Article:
Suit up for an excellent experience learning how to be a decision-maker in the world of finance. Finance majors at Dordt understand that it is important to steward your resources well. Vast career opportunities are awaiting as you develop smart business tactics and learn to work responsibly.


Earning a Finance degree means you’ll manage fundraising projects, learn managerial analysis, and analyze risks. You’ll also take a deeper look at economics, mathematics, and statistics. This program will challenge you to crunch the numbers and strategize with integrity.

What You'll Learn

As a Finance major, you’ll learn the fundamentals of finance through your coursework and hands-on application. You’ll take classes on investment management and banking. You’ll master next-level techniques for spreadsheet creation and management. And you’ll learn how God can use you for His glory in the world of finance.

What You Can Do With A Finance Emphasis

If you love to work with numbers, your career field is wide open. With a Finance degree, you can pursue jobs in Commercial Banking, Financial Planning, or Public Accounting. Or maybe working as a Venture Capitalist or Chief Financial Officer is more your style. It’s all possible when you get your emphasis in Finance at Dordt.

Financial Planner

A Financial Planner helps their clients understand their financial goals and build plans to meet these goals.

Actuary

An Actuary helps businesses and clients minimize the cost of a risk by assessing the financial costs that the risk may entail. This career path requires additional testing and schooling.

Attorney

An Attorney provides clients with advice and represents them and their legal rights in different types of civil and criminal cases.

Students who choose the finance emphasis will complete five business administration courses, one economics course, two mathematics courses, and one statistics course in addition to the general requirements for an agricultural degree.

  • Intermediate Excel Techniques: This course will provide a development of skills needed to become proficient in the use of spreadsheets. Students will use PivotTables, charts, and organizational tools while incorporating many formulas to make their spreadsheets come to life. A main component of this course will be hands-on learning with students becoming peer instructors for one another. This elective course is designed for students majoring in business who are in their sophomore, junior, or senior year.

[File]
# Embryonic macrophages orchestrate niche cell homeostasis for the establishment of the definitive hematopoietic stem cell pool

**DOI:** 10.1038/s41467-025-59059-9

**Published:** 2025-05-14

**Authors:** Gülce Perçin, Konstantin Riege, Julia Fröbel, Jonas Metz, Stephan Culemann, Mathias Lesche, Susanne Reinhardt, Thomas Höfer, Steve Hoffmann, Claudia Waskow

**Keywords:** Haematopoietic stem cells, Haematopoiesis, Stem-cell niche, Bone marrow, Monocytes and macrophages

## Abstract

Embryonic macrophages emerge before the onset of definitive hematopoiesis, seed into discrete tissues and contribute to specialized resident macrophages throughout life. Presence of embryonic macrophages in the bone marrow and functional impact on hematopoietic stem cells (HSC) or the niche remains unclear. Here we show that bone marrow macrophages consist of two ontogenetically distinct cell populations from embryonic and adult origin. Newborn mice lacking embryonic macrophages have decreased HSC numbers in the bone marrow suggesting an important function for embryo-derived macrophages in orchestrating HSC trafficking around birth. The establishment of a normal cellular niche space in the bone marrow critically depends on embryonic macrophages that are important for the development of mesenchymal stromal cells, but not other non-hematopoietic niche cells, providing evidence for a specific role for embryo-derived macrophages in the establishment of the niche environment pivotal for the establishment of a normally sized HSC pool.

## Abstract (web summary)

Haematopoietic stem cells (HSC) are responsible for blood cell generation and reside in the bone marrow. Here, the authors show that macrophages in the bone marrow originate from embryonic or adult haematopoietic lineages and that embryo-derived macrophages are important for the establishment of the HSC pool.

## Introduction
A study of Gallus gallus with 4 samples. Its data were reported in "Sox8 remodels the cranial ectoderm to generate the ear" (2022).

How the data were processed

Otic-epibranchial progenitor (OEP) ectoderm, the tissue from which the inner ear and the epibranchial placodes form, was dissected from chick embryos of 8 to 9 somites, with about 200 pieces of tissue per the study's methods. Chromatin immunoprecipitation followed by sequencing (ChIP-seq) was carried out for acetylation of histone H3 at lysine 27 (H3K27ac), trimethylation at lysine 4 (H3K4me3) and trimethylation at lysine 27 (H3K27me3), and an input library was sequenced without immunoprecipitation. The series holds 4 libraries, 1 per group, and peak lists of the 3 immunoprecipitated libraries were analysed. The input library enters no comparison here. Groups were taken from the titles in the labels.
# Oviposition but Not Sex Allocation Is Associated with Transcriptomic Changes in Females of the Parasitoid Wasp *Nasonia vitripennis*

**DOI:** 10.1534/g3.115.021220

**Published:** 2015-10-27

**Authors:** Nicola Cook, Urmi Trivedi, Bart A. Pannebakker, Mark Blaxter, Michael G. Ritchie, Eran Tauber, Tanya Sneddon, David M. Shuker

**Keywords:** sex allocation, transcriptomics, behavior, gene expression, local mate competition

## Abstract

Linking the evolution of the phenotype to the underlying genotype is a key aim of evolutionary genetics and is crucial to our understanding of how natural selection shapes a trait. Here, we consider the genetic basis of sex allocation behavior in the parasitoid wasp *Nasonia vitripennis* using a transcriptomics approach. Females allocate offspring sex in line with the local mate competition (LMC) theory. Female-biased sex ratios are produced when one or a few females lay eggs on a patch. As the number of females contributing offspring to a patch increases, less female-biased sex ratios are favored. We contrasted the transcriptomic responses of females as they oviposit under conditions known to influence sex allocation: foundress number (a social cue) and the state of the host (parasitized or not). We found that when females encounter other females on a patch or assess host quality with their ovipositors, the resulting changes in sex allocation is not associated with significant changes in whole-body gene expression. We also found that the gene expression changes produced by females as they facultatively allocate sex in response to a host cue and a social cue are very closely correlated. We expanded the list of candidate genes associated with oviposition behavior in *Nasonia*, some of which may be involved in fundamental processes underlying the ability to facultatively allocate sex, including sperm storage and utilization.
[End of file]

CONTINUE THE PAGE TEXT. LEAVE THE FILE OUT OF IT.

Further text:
• Federal Income Tax: A study of federal income tax regulations and forms, based on the Internal Revenue Code, with primary emphasis on tax problems for the individual.
  • Advanced Financial Management: The study of advanced topics in financial management, such as risk analysis, capital structure, dividend policy, mergers, acquisitions, foreign investment, etc. Case analysis will be used extensively.
  • Investments Management: The study of all types of investments with primary emphasis on stocks, bonds, and related securities. Includes a discussion of the function of securities markets and institutions and portfolio management.
  • Insurance and Risk Management: Addresses the fundamental issues of risk management, property insurance, liability insurance, life and health insurance, the insurance market, and the operation of insurance companies. Topics to be discussed include the functions of insurance, government regulation, the nature and legal characteristics of insurance documents, marketing, loss adjustment, social insurance programs, employee benefit plans, re-insurance, and the international role of insurance underwriting. Open to juniors and seniors.
  • Money and Banking: An analysis of the nature and function of money; the operation of the financial system; the organization, management and regulation of financial institutions; and the Federal Reserve Systems with special emphasis on the impact of monetary policy and financial institutions on the global economy.
  • Calculus I: A study of the basic concepts and techniques of calculus for students in all disciplines. Topics include limits, differentiation, integration, and applications. This course is intended for students without any previous calculus credit.
  • Introduction to Financial Mathematics: This course covers topics in basic interest theory including interest, annuities, and amortization as well as basic concepts in derivatives markets including stocks, bonds, forwards, puts, calls, spreads, and hedges. Course content is taught using a guided discovery approach focusing on student conceptual understanding. The course also includes discussion of Christian perspectives on investments and risk management. This course, along with Statistics 218, also serves as preparation for Actuarial Exam FM/2. Offered first half of fall semester.
  • Intermediate Financial Mathematics: This course covers intermediate topics in financial mathematics including progressing annuities, force of interest, duration, convexity, immunization, swaps, forwards and other topics on Actuarial Exam FM/2 that are not covered in Mathematics 148. This course, along with Statistics 132, also serves as preparation for Actuarial Exam FM/2. Offered second half of fall semester.
  • Introductory Statistics: An introductory course in statistical techniques and methods and their application to a variety of fields. Topics include data analysis, design of experiments, and statistical inference including confidence intervals and hypothesis testing. Exposure to statistical software and a substantive student project are also part of this course.

See the course catalog for more information.